By Michael E. Miller
By Ryan Yousefi
By Kyle Munzenrieder
By Sabrina Rodriguez
By Michael E. Miller
By Carlos Suarez De Jesus
By Luther Campbell
By Kyle Munzenrieder
It didn't require a Ph.D. to suspect that when the Herald reporter wrote "allegations concerning her personal life," it was a polite phrase to describe a suspected lesbian. One might also guess, however, that the Herald was just too much of a homophobic coward to reveal the allegation.
Even more pathetic is that probably another generation will have to pass before we'll see one of the Herald's muzzled but supposedly openly gay journalists have the opportunity (or intellectual courage) to comment on such a story. If a story like that were relevant to any other minority group in this town, do you have any doubt we'd see editorial comment all over the media?
There could have been no credible extortion attempt if Judge Ellen Venzer had not been in the closet regarding her sexuality. If an affirmative acknowledgement to the public she serves is embarrassing and scandalous to her, then she should seriously consider resigning from the bench.
As a member of the gay community, Judge Venzer has a moral obligation to help fight gay discrimination in this society. She and others like her do not deserve to be on the bench if they choose to cower in the closet.
Although she was forced out by an alleged blackmail attempt, I applaud Judge Venzer's courage in facing up to the revelation. As the battle for gay equality continues in America, it is essential that gay people come out of the closet that perpetuates discrimination.
Over the Edge and Underwhelmed
I have to say I was surprised by Jim DeFede's "Over the Edge and Under Investigation." Besides being below the usual standards of New Times's ability to ferret out corruption, scandal, and wrongdoing, the article didn't really say much.
While I was pleased to see that a Dade County elected official such as Judge Venzer actually followed the rules as she was supposed to, I did not read about any abuse of her power, nor did I see any impropriety on the part of anyone but Lynne Sachs. Her idea of blaming it on the dead guy is so in vogue you really must give her credit -- dead men tell no tales, fortunately for her.
I am a little surprised that the only prurient thing New Times could pick out about Judge Venzer is her lifestyle. So what?! We have representatives in Congress like Barney Frank who stand up and admit their sexual preference, and we don't elect them based on that.
New Times didn't have anything it could uncover about the quality of Judge Venzer's work on the bench, no "backroom deals," just her lifestyle, a choice that is hers to make. There is not one scintilla of proof that her choice affects the job the people elected her to do.
When New Times reported Ms. Sachs's statement that Judge Venzer was using her "political connections" to push the issue toward the U.S. Attorney's Office, I didn't follow. If anyone threatened, or attempted to influence, a politician or judge and that person did not report it to the proper authorities, the public would be demanding a federal investigation.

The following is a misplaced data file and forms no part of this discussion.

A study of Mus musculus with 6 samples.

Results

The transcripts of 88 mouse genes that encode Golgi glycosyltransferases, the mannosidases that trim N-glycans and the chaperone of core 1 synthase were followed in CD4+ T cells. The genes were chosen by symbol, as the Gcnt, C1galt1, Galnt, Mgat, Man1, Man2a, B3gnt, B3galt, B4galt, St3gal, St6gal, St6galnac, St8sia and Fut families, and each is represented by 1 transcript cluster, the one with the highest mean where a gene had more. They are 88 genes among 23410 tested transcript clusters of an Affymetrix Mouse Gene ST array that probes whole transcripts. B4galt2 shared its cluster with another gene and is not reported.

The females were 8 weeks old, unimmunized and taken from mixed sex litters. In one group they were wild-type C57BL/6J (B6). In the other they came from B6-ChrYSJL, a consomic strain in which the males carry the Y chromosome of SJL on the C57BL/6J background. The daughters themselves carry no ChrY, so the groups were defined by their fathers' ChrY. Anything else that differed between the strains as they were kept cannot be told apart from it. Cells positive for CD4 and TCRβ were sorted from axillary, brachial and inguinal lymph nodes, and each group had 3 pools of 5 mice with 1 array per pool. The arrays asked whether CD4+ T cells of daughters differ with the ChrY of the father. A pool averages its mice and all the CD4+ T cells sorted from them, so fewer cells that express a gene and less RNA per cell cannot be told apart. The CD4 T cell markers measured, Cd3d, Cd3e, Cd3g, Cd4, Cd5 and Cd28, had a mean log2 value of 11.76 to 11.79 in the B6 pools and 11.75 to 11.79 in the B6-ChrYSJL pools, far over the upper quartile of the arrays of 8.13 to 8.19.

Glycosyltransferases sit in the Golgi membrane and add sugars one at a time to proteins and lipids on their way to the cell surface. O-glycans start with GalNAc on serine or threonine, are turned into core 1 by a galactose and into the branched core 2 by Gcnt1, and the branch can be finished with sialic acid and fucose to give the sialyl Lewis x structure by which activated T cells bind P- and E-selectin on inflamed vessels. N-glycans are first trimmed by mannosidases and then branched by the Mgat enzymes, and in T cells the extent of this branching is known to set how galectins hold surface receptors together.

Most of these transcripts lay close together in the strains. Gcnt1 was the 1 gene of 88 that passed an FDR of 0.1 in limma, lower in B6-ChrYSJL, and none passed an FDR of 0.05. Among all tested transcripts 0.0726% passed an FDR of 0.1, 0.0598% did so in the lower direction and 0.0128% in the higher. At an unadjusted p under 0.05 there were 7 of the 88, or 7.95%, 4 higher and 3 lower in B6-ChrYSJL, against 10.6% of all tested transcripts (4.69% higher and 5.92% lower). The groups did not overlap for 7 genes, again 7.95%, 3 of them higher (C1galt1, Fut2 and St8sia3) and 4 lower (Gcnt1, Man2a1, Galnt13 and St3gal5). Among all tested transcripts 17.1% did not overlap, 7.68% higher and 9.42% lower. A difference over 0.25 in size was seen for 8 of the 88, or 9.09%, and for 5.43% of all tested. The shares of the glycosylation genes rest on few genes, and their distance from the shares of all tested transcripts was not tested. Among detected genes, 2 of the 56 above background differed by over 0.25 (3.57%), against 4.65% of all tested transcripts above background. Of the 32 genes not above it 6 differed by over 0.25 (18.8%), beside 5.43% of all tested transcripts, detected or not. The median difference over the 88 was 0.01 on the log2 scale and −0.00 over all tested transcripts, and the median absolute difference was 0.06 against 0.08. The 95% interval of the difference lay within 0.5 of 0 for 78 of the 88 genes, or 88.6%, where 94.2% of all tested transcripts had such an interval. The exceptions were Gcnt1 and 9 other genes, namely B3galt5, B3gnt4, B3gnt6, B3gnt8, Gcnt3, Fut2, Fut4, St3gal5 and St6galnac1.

Ms. Sachs is now getting the public scrutiny she wanted, but the magnifying glass is on her, her IRS returns, and her veracity.
I wonder about one last thing, though: Who tipped New Times to this incident? The dead guy? Was it by fax?
More to Teen Life than Gangs and Zits
This is in response to Larry Boytano's article "The Young and the Rockless" (October 16). As a teenager I find it refreshing that someone actually recognizes that the youth of Miami might actually have a culture of their own (other than gang activity). I was upset, to say the least, when I heard of the closing of Cheers. It was the only place teens could go almost every night of the week and socialize with people they knew and see bands they were familiar with that played what they wanted to hear.
Like most, I am cash-poor. When Cheers was open, I always found it easier to part with the five-dollar cover charge to see three or four hours of live music than to spend the same amount on a movie. I believe many like me will refuse to give up their passion for live music, which is the only way youths can really express their unique ideas and emotions.
I commend Rose's Bar & Music Lounge for supporting local acts and for understanding that people under 21 need music as much as anyone. I hope it won't be alone in South Florida for long. I also commend New Times for giving publicity to the bands and individuals who continue to make sure that the treasured all-ages shows don't disappear completely.
The Week Shall Inherit the Praise
Loathe as I am to praise New Times, I must commend you on your "Calendar" section, the only part of your rag I (and most of Miami) pay any attention to. I don't know what you've done, but the blurbs have actually become fun to read! The writing has undergone a marked change for the better -- lively and satirical. They inform while refusing to take themselves and much of their subject matter too seriously.